Sterling Ruby Superoverpass 27 April 2007 - 26 May 2007
Sterling Ruby, Superoverpass, 2007, formica, wood, screws, glue, 88 x 132 x 48 in.
Sterling Ruby, Superoverpass, 2007 (detail.)
Sterling Ruby, Superoverpass, 2007 (detail.)
Sterling Ruby, Superoverpass, 2007 (detail.)

Foxy Production presents Superoverpass by STERLING RUBY, an exhibition of provocative investigations of form, expression, and transience. Featuring a monumental architectural work in the main gallery and a salon of prints and collages in the back space, Superoverpass furthers Ruby’s visceral deconstructions and reconstructions of dominant forms and systems. He subjects the institutionalization of the Modernist project to a form of assault through bodily gestures and semantic scramblings, destabilizing the idea of transcendence via abstraction.

Superoverpass (2007) is a white geometric bridge-shaped sculptural work that fills the entire main space of the gallery: viewers are forced to walk under and through it. At first recalling a Robert Morris Minimalist sculpture, on closer inspection the work loses its perfectionist sheen and its claim to purity: its Formica surface is defaced and degraded with scratch graffiti and grime. Confounding expectations, it presents a Minimalist form contaminated by the collective expression of etched “tags,” and the stains of wear, tear, and time.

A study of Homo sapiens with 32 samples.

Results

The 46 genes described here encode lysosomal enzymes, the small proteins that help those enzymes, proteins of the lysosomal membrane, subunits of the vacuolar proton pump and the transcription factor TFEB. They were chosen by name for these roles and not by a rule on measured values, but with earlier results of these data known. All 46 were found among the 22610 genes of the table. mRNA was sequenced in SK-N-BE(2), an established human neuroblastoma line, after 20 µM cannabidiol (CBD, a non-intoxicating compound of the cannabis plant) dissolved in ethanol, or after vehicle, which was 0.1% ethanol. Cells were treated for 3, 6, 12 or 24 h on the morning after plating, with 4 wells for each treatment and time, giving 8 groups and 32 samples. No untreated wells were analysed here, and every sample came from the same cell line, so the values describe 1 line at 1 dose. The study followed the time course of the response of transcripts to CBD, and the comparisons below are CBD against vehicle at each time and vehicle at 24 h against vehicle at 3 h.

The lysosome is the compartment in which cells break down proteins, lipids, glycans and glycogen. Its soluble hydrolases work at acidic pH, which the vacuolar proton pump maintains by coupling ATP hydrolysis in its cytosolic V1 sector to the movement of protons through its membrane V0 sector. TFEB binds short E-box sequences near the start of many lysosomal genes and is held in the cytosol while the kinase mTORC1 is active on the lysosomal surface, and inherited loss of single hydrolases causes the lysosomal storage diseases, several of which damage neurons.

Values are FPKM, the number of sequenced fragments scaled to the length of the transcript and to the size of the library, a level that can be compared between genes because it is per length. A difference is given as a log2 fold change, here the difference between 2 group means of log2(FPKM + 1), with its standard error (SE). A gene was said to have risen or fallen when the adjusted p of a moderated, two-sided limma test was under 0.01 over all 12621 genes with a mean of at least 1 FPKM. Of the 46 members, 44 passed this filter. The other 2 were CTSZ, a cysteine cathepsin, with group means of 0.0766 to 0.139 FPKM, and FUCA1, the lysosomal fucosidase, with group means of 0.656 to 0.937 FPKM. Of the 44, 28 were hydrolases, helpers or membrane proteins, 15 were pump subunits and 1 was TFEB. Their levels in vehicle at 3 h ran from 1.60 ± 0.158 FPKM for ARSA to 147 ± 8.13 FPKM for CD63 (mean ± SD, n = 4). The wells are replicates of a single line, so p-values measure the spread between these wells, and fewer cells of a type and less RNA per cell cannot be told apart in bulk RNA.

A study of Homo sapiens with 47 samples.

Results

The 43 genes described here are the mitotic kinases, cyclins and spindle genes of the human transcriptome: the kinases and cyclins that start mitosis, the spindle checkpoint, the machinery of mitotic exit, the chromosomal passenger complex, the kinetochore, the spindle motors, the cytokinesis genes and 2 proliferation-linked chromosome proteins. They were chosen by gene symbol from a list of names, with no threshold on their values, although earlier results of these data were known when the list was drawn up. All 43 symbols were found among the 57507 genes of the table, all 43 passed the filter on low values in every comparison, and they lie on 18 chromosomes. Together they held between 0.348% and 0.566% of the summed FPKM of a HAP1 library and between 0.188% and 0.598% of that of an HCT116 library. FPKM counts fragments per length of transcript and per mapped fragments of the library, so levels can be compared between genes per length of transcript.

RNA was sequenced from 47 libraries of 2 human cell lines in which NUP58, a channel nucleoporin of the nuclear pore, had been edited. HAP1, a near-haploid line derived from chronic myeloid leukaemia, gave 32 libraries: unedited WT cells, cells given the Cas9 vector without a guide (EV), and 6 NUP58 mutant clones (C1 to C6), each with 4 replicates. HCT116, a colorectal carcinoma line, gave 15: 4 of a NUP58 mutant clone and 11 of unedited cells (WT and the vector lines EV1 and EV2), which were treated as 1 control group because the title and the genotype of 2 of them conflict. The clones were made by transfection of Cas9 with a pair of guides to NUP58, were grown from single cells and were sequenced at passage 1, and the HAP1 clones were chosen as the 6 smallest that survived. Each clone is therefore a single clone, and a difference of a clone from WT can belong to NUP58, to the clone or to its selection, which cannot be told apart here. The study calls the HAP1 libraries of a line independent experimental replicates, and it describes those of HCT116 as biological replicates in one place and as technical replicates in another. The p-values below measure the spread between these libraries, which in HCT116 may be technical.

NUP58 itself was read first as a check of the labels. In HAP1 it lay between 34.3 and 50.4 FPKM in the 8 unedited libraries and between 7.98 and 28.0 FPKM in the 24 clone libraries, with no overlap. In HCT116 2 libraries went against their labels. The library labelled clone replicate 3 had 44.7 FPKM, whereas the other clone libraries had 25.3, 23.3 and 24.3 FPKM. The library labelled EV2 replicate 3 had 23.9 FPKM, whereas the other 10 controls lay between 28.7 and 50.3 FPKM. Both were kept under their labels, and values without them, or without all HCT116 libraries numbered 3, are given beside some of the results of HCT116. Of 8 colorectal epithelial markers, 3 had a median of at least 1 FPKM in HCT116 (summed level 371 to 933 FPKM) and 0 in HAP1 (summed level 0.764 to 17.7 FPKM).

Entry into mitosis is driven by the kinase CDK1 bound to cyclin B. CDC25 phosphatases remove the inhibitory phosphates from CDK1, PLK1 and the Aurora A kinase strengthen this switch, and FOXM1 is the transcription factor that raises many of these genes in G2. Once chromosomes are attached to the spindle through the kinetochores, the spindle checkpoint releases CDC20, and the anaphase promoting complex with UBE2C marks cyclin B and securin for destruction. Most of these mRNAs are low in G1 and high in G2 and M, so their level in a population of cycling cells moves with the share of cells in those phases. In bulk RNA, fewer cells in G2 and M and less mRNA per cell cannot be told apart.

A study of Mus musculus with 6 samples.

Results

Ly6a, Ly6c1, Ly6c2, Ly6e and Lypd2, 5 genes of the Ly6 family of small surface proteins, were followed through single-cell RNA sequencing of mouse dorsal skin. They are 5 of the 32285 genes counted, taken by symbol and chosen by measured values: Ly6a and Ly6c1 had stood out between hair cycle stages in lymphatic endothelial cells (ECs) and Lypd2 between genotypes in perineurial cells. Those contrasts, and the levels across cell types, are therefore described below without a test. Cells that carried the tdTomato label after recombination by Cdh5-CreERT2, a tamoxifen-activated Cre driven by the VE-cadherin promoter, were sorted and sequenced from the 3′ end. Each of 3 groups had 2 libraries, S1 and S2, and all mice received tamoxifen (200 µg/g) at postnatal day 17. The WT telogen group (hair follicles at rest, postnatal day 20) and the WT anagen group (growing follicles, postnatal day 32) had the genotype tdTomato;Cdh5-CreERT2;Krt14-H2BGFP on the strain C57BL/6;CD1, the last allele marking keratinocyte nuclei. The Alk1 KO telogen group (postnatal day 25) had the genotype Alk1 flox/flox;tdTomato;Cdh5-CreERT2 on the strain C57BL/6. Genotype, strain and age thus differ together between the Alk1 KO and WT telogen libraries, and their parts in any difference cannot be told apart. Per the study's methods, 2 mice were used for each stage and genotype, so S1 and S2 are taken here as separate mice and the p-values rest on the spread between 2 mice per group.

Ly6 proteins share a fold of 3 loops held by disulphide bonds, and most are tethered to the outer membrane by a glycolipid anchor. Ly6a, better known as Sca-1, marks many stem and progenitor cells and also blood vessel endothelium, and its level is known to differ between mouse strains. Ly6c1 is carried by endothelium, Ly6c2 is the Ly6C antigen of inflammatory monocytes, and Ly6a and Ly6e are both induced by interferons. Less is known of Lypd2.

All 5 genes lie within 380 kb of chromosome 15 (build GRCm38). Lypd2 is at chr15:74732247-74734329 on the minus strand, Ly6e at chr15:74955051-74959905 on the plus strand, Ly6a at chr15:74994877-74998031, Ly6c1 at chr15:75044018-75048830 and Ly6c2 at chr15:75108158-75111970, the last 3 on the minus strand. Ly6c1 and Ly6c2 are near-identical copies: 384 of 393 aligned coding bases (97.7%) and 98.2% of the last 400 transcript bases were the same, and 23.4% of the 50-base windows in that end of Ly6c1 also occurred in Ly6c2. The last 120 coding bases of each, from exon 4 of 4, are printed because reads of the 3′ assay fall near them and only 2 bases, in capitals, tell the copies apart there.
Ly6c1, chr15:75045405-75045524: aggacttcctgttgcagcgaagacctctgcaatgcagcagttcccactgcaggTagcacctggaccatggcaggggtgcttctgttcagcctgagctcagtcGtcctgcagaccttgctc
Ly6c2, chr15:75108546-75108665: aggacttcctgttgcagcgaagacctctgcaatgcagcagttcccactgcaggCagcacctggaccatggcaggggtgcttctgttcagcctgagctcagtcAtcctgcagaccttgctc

But rather than romanticizing the expressive, Ruby taps the collective anguish and emotion embedded within and regulated by systems of meaning and control. His Anti Prints (2007), a series of fluorescent Letterpress prints, read like protest signs gone awry. With perplexing phrases and images, they combine many of Ruby’s most powerful motifs: drips, kilns, and spray graffiti. In parts cryptic, raw, architectonic, sexual, and nebulous, they wryly attack Minimalism, geometry and architecture, proposing a self-styled “amorphous law.”

Ruby’s series of collages, with titles including Bandanas, Blood and Crips, Cal State Prison, and Gangs, refers to group articulations and structures that controvert legal and moral boundaries. Incorporating elements such as prison cells, gray rectangular blocks, patches of patterning, found images of transsexuals, and overlays of disturbing blood-like smears, they create a stirring vortex of signs underpinned by a threatening sense of disquiet.

A simultaneous exhibition is at Metro Pictures

Installation photography by Mark Woods.